My son Nathan wasn’t feeling well recently so we all prayed together for him to feel better. The next night at prayer time, Kenna pointed out that we prayed for him already but he wasn’t feeling better. She had a look of simultaneous confusion and disappointment on her face. In a total of about 3 seconds I had the thought that this is the beginning of a lifetime of seeking to understand why God does or does not answer certain prayers AND replied, “We’ll keep praying and trust God that Nathan will feel better.”
I felt a giant theological error well up in my throat. How often we casually imply or even consciously think that if we just “trust God” for a specific prayer outcome, He will answer the way we want!
“Everything will be OK! Just trust in God!”
Yes, everything will be OK . . . perfect actually . . . when Christ returns and God is glorified in His kingdom for eternity. In the meantime this life is a mess. We are sinful people with free choices, surrounded by other sinful people with free choices. There is illness, there is death. There are natural disasters. Christians live in this fallen world and are affected by its consequences as much as non-believers.
Yet, we are to pray. We are to ask God for our hearts’ desires in the midst of all this. If every Christian’s prayer for a specific (positive) outcome was answered, however, we would effectively be in control of the world through God. Thank God that prayer doesn’t work that way! It’s actually a little scary to think of millions of people (even if they are Christians) controlling God like a puppet through prayer strings. I would much rather God be in control, in His infinite wisdom and perspective.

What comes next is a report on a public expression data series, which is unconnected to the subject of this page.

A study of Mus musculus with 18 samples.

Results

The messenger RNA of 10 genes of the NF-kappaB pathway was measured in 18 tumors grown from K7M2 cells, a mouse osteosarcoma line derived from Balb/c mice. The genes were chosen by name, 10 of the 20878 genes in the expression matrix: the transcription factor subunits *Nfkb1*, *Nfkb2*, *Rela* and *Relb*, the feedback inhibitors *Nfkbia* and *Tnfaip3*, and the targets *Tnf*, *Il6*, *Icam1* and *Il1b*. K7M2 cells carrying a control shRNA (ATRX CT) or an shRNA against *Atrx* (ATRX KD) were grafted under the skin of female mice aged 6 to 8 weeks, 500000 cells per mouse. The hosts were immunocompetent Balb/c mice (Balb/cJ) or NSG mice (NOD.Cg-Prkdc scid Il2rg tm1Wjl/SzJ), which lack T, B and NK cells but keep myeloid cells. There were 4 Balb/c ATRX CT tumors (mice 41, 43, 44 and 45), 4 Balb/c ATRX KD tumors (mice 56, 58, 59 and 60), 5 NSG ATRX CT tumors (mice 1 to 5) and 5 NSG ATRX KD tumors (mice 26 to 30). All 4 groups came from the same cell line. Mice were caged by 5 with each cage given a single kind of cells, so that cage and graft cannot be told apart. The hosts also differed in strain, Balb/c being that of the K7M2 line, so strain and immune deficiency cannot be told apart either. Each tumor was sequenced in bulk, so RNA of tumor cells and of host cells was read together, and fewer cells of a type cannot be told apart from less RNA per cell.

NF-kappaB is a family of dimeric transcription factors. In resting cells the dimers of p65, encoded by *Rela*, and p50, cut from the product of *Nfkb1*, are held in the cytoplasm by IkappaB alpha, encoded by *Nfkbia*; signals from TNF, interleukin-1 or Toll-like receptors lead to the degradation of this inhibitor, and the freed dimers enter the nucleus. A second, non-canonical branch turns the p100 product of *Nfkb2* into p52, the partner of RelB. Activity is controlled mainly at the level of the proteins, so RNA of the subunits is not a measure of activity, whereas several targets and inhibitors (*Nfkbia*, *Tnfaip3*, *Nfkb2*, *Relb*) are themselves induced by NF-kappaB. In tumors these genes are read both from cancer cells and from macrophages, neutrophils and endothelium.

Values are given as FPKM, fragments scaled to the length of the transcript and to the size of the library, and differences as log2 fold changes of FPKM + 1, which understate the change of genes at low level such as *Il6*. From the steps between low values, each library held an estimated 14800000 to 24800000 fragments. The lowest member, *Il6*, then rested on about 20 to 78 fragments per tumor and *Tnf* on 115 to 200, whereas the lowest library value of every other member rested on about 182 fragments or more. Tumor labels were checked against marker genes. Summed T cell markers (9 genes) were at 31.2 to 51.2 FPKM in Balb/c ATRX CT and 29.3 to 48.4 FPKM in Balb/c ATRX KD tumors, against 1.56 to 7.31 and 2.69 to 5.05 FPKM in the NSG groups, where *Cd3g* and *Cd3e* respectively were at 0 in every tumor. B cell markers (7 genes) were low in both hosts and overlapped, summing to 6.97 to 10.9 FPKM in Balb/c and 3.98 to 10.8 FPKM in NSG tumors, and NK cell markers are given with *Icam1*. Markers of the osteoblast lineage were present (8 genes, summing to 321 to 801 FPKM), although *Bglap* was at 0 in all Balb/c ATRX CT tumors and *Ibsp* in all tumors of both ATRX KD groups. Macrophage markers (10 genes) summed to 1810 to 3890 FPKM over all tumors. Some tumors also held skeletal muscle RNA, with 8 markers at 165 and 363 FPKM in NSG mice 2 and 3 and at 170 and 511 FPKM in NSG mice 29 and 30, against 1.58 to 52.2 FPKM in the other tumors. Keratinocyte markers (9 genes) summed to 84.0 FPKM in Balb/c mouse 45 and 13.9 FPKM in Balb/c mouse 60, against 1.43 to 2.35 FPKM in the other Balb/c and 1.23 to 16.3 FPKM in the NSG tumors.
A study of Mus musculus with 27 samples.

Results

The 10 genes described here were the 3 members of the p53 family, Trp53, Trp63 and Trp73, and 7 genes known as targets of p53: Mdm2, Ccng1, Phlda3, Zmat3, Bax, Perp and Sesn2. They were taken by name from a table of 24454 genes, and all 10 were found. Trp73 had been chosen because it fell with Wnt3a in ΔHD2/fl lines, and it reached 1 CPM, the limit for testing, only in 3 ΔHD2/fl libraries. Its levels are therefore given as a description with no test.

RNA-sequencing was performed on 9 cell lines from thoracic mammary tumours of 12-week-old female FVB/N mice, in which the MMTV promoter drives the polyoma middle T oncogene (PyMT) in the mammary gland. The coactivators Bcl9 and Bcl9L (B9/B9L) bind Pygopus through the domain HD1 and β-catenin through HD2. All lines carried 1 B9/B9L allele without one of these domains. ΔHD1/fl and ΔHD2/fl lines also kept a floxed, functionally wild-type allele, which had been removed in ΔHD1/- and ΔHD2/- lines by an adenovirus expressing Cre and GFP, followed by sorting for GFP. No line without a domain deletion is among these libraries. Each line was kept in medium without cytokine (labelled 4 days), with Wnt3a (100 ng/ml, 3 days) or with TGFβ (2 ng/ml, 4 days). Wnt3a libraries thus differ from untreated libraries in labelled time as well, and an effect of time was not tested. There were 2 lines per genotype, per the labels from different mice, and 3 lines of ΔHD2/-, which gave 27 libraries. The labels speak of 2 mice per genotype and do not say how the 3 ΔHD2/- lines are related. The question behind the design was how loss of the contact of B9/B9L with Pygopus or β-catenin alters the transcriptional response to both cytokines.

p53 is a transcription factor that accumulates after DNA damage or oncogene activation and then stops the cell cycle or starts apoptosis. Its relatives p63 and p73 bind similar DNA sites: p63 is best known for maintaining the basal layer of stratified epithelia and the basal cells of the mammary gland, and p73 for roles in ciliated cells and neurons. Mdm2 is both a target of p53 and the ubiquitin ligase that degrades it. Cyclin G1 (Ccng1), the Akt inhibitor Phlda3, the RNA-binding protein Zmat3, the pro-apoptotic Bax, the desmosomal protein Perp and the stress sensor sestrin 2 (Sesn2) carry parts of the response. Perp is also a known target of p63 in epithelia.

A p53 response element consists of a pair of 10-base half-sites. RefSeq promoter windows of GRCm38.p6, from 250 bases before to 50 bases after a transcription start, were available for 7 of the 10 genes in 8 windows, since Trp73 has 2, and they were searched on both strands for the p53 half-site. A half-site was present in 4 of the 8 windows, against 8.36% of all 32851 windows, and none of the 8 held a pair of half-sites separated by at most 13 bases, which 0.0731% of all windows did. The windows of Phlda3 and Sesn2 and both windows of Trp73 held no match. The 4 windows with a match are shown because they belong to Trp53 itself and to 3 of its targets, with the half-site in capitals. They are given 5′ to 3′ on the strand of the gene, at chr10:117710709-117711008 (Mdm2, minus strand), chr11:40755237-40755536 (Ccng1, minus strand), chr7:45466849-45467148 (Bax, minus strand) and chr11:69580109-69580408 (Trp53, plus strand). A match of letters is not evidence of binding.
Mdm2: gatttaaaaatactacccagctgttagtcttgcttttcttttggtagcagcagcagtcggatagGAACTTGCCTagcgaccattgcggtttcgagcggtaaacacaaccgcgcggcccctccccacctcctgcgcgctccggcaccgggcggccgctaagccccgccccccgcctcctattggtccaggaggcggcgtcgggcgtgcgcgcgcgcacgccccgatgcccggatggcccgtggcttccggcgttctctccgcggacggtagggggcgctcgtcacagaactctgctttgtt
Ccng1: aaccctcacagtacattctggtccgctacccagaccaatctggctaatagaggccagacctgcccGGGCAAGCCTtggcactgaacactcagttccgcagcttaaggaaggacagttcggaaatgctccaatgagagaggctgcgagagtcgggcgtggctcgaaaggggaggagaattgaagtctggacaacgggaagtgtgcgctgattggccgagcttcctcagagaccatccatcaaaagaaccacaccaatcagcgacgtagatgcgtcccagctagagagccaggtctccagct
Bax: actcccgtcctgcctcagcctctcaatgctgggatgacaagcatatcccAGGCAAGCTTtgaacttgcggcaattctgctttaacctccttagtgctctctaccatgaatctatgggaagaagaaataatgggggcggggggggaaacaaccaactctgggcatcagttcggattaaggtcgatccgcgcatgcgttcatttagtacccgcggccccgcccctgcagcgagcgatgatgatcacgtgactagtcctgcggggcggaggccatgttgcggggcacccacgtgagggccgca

The dynamics of prayer are really not unlike our children making requests to us . . . we encourage their requests, consider their requests, and want them to continue making requests, but may not grant them what they want depending on how it would impact themselves, us or others . . . just like God relates with us through prayer.
Jesus powerfully demonstrated this himself when he prayed in Mark 14:36: “Father, all things are possible for you. Remove this cup from me. Yet not what I will, but what you will.” God CAN do anything but his specific answers to prayer are based on how our requests align with His will.
If we come to believe that God can or should be trusted for specific outcomes, our relationship with Him will be as variable as the ups and downs of life; a good outcome equals happiness with God, a negative outcome equals disappointment or anger with God. This is not what our relationship should look like, yet it is very common.
To put this in a simple framework for my kids, I’ve boiled it down to these 5 key concepts that I emphasize at home.
- God wants us to continuously pray. (e.g., Philippians 4:6-7; Ephesians 6:18)
- God hears our prayers. (Implied in the fact he wants us to pray, plus Psalm 34:15)
- We can and should pray for our hearts’ desires. (e.g., Matthew 21:22; Matthew 7:7-11; John 14:13-14)
- God CAN answer our prayers for specific outcomes, but may not, depending on His will. (e.g., Matthew 6:10; Matthew 26:42; Mark 14:36)
- God works all things together for good. This statement, from Romans 8:28, can easily be taken out of context. Paul is not saying that God works all things together for OUR good (at least as we would commonly perceive “good” in this life). He follows in verses 28 and 29 by explaining that the good he is referencing is God’s overall plan for the world leading to His final glorification.
Here is is how I apply these truths for my (young) children:
“We just prayed for (fill in the blank). Do we know God WANTS us to pray? (yes) Do we know God hears ALL of our prayers? (yes) Do we know that God CAN answer any prayer he chooses? (yes) Does God answer EVERY prayer the way we ask? (no) What is important is that we always pray because God wants us to, but we have to remember that only God can decide how he is going to answer our prayers.”
In this way I hope to teach them that we should not limit or censor our prayers, but at the same time we need to respect and trust in God’s infinite wisdom . . . not our own.